Don't assume the worst, no matter what

Fourth in the COURAGE series

We sometimes read of business people, pastors and politicians who stand up against evil and refuse to compromise their principles, but perhaps it took them some time to gather their resolve. Maybe they spent many days weighing one action against another, and praying to know what to do. Maybe they fasted and cried out for courage to stand against those who would belittle, rob, defame and silence them.

In days to come or even today, we might need to know how to proceed against an enemy. We may not be able to quickly figure out what to do, and our first response could be unwise.

The special story of Hezekiah and the Assyrian army told in 2 Kings 18, 2 Chronicles 32 and Isaiah 37 describes this type of personal crisis. Many stories are found in two books of the Bible, but how many in three? (I'll have to look into this.)

Hezekiah began to reign as Judah's king in 715 BC. This was in the third year of Hoshea, the king of Israel. (2 Ki 18:1) Hezekiah did that which was right in the sight of the Lord, as David had done. He trusted God, excelling the other kings of Judah. The Lord was with him and he prospered. (2 Ki 18:3-6) He restored proper worship in the temple (2 Ch 29) and this brought great comfort and excitement to Judah and to many in Israel. (2 Ch 30:25)

In his fourth year as king, the seventh year of king Hoshea of Israel, the king of Assyria surrounded Samaria and in three years conquered her and "carried away Israel unto Assyria" (2 Ki18:11) because of their horrific disobedience.

A side note to this historic account is that when the Assyrian king removed Israel from her land he sent men from Babylon, Cutlah and other conquered cities to dwell there, but they did not fear the Lord so the Lord sent lions among them. Therefore, the king of Assyria sent one of the priests of Israel back to Samaria to "teach them the manner of the God of the land." (2 Ki 17: 24-27) After that, the new Samaritans feared the Lord but still served their own gods. The area had not changed much when Jesus visited there and asked the woman at the well for a drink. (John 4:7)

In Hezekiah's fourteenth year as king, the king of Assyria, Sennacherib, attacked and seized the fenced cities of Judah! (2 Ki 18:13) In his shock, Hezekiah sent a message to this king that he realized he had offended him and would bear whatever yoke necessary, sending him 300 talents of silver and 30 talents of gold. In fact, Hezekiah gave Sennacherib all the silver found in the Temple and in his own house, and even cut off the gold from the doors of the temple of the Lord and from the pillars which he as king had overlaid with gold. (2 Ki 18:15, 16)

O unhappy day! Hezekiah had jumped to a conclusion because of fear and disillusionment, yet the Lord was working all things together for good. This affront would lead him to cry out to God and his prophet, Isaiah, for help.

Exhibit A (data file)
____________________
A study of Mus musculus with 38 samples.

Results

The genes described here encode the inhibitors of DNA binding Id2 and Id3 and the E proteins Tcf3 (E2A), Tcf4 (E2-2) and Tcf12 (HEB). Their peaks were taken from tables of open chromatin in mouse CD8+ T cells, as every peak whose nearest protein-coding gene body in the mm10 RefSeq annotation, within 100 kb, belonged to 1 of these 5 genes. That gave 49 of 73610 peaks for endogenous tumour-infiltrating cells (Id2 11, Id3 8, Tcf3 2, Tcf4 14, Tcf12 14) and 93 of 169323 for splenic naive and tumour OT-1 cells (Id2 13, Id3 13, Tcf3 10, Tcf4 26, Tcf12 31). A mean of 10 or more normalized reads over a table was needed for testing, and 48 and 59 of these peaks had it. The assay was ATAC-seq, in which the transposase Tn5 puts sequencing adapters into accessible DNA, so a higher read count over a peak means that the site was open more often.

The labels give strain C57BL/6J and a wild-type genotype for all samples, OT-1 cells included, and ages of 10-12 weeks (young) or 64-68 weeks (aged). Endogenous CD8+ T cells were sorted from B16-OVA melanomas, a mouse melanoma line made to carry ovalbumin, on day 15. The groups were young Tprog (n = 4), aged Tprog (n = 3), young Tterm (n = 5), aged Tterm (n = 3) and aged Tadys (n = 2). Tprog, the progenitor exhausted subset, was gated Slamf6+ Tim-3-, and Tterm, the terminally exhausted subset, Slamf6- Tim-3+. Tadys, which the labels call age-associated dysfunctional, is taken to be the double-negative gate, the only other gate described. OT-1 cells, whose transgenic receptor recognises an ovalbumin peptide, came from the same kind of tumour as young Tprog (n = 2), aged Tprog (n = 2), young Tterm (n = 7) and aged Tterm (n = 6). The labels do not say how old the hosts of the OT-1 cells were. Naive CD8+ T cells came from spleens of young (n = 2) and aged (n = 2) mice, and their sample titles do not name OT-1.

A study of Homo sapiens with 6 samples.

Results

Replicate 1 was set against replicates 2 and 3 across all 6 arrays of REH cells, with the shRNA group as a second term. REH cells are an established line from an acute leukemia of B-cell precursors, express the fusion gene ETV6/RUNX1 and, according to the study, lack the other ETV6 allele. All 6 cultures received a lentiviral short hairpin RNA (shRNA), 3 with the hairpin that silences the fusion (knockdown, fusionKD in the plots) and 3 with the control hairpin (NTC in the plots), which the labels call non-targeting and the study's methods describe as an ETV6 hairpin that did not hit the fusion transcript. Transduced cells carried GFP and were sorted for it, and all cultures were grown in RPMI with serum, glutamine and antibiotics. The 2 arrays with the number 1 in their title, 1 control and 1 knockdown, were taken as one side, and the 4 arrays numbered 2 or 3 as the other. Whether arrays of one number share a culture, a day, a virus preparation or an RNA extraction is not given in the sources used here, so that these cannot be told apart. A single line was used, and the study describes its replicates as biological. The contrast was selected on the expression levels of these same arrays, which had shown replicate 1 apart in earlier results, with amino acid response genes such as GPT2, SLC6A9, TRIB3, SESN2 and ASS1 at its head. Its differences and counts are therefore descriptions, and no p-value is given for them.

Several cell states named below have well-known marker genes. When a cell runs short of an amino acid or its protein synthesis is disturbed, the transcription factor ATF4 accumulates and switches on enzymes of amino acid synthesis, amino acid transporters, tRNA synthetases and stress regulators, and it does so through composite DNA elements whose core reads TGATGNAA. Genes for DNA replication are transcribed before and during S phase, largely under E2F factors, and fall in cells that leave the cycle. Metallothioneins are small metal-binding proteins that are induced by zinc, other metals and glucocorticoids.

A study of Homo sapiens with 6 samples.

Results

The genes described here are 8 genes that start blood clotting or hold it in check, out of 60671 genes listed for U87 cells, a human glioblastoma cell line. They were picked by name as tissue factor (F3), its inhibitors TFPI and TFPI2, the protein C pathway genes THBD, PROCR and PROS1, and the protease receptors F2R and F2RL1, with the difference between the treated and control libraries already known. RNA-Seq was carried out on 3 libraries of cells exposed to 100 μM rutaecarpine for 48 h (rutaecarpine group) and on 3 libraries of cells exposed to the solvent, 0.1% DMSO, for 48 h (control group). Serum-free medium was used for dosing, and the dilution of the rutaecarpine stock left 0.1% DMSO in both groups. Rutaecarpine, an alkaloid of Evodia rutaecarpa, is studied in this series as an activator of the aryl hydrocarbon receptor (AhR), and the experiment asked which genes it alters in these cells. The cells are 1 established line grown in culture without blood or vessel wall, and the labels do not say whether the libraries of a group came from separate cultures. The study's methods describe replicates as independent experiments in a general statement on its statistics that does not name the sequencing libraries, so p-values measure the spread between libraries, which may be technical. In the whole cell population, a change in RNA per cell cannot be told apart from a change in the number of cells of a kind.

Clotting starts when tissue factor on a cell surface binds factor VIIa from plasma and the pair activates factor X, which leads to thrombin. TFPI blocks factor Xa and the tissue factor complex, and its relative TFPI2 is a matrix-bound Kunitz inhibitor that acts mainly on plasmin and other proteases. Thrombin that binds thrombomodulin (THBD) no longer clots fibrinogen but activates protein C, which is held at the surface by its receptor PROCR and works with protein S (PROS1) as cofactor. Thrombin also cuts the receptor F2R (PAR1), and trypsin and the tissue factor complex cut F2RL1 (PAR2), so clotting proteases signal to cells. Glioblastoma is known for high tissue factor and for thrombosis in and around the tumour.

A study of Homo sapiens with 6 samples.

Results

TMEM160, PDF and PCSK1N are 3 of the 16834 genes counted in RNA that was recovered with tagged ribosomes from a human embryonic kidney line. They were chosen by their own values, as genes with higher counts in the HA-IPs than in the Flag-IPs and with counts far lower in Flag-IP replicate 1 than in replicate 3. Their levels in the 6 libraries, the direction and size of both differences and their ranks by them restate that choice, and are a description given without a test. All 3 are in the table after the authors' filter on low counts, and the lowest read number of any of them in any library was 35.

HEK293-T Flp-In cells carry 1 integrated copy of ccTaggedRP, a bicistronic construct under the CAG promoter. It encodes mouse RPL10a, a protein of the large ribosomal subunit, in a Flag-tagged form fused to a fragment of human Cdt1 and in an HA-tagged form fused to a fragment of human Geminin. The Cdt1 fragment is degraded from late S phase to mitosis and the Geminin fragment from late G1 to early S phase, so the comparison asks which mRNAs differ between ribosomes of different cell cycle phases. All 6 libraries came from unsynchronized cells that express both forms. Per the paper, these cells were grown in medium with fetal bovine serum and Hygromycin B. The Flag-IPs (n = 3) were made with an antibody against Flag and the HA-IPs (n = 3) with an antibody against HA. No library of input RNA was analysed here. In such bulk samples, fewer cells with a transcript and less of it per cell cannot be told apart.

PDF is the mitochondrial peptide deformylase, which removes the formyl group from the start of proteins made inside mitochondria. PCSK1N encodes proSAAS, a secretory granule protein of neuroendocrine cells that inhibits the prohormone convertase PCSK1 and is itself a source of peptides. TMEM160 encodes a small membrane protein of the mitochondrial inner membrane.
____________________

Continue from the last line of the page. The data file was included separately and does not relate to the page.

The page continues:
Of course, the financial appeasement did not work but only whetted the appetite of the Assyrians, and a host with three terrifying leaders arrived to take over Jerusalem. They taunted the people, urging them to turn against Hezekiah and to make a truce with them, reminding them that no other nation had been successful in escaping the Assyrian conquerors. Nevertheless the people did not answer because Hezekiah had told them not to.

Meanwhile, after fortifying Jerusalem, Hezekiah rent his clothes, covered himself with sackcloth, went to the temple, and sent his faithful men to Isaiah to ask for his prayers for the remnant. (2 Ki 19:1-5) They explained to Isaiah that the Assyrians had reproached the living God.

Isaiah told them, Thus shall ye say unto your master, Thus saith the LORD, Be not afraid of the words that thou hast heard, wherewith the servants of the king of Assyria have blasphemed me. Behold, I will send a blast upon him, and he shall hear a rumour, and return to his own land; and I will cause him to fall by the sword in his own land. (Is 37:6-7) ... I will defend this city to save it for mine own sake, and for my servant David's sake. (Is 37:33-35)

So it was that the aggression of the Assyrians was halted. The angel of the LORD "smote" 185,000 Assyrian soldiers, and any yet alive early that day, on waking saw all the corpses. Sennacherib departed, retiring to Nineveh, and not long after as he worshipped his god, his sons killed him by sword. (2 Ki 19:35-57)

Reflecting upon this story, we may wonder: Since Hezekiah was a good and obedient king, why did the Lord allow the Assyrians to invade and conquer the fenced cities of Judah?

Inevitably in life's trials, we will take some losses. Fear will grip us, squeezing the life from our hearts. Then, we will be led to reflect upon the ways of God, and to seek his direction and thoughts toward us.

The lesson here is that enemy attacks, disrespect, threats and even loss of property and security are not a reason to give up and assume the worst.

When Satan derides and condemns you, boasting that he will enslave you, do not believe him or try to appease his mockers. Remember how much MORE powerful the living God is, whose foundation... standeth sure, having this seal, The Lord knoweth them that are his. And, Let every one that nameth the name of Christ depart from iniquity. (2 Tim 2:19) The Lord is well able to defend his church and people, yet, as Hezekiah did, we must obey God's commands and depart from evil.